Chitra, if you really want to help someone, you should not think whether that would affect someone else. I am not going into the content of your thread because I feel that the title implies much more.
You must be able to select and accord priority when you decide to help someone; you will have to see whether the affect on another would be graver than the help you are offering to a person. I would like to agree with Aditya that thinking about the aftermath would ruin the essence of help. You may help a person and at the same time ensure that such an action does not affect another person negatively. You will have to weigh the pros and cons and decide which is more important.
Take an accident site for instance and imagine that two bikes have collided and you have injured persons before you. If you think that there will be a police case and that the person who has violated traffic rules may be punished, you may not be able to help a person to survive. In that case your priority should be to save a life and also to bring the wrong doer to books as law demands, at a later stage if required. I have cited a small example but the same benchmark applies in all cases where you intend to help someone.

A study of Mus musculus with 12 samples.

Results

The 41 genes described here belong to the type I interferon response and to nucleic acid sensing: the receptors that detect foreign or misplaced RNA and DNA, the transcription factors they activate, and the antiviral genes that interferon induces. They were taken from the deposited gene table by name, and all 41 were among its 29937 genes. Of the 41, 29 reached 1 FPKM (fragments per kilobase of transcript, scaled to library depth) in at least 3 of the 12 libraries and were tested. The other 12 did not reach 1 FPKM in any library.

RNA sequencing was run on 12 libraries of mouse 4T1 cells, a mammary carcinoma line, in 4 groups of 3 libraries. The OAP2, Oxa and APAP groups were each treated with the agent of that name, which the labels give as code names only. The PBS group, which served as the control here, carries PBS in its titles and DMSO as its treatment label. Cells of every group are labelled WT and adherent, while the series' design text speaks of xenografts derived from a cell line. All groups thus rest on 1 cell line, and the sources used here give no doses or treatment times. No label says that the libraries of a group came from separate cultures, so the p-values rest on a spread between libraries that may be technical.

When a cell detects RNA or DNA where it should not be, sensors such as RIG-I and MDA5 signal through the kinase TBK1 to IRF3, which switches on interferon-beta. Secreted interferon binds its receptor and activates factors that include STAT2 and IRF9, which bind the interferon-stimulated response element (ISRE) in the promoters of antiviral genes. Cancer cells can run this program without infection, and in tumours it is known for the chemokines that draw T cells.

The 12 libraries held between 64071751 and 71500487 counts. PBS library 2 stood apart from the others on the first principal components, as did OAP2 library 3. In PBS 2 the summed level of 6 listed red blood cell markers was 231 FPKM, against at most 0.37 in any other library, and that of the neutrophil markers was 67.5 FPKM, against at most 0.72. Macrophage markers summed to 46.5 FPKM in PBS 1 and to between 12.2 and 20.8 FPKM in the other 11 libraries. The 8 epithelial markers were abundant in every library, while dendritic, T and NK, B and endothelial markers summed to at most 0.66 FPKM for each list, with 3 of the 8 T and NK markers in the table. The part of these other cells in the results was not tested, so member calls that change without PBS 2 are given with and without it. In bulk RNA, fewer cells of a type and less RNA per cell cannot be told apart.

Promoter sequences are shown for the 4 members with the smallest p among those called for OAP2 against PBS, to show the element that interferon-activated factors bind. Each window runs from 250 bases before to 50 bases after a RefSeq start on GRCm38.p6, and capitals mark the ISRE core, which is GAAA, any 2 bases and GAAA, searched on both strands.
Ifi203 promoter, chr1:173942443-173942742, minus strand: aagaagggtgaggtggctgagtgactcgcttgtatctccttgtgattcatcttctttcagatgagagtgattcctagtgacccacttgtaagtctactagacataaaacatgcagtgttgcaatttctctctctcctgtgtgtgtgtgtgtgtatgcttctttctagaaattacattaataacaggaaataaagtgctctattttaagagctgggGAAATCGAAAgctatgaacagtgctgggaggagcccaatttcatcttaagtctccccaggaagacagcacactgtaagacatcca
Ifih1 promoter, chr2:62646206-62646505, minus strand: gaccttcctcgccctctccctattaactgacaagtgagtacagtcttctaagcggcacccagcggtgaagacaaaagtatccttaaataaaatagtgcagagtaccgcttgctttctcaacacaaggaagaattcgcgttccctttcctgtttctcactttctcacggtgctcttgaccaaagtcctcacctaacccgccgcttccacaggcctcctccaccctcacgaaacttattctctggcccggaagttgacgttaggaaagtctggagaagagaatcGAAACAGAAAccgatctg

Provide help to the one who need it most, the other side can be looked into later. Coming to your thread, while I appreciate the gesture of those who fed the cats, and do admit that it is the duty of the boy to keep the premises clean, I must say that it is more of a matter of civic and common sense, as Dr Rao has pointed out, and does not have much to do with helping others.
'It is the mark of an educated mind to be able to entertain a thought without accepting it'. - Aristotle.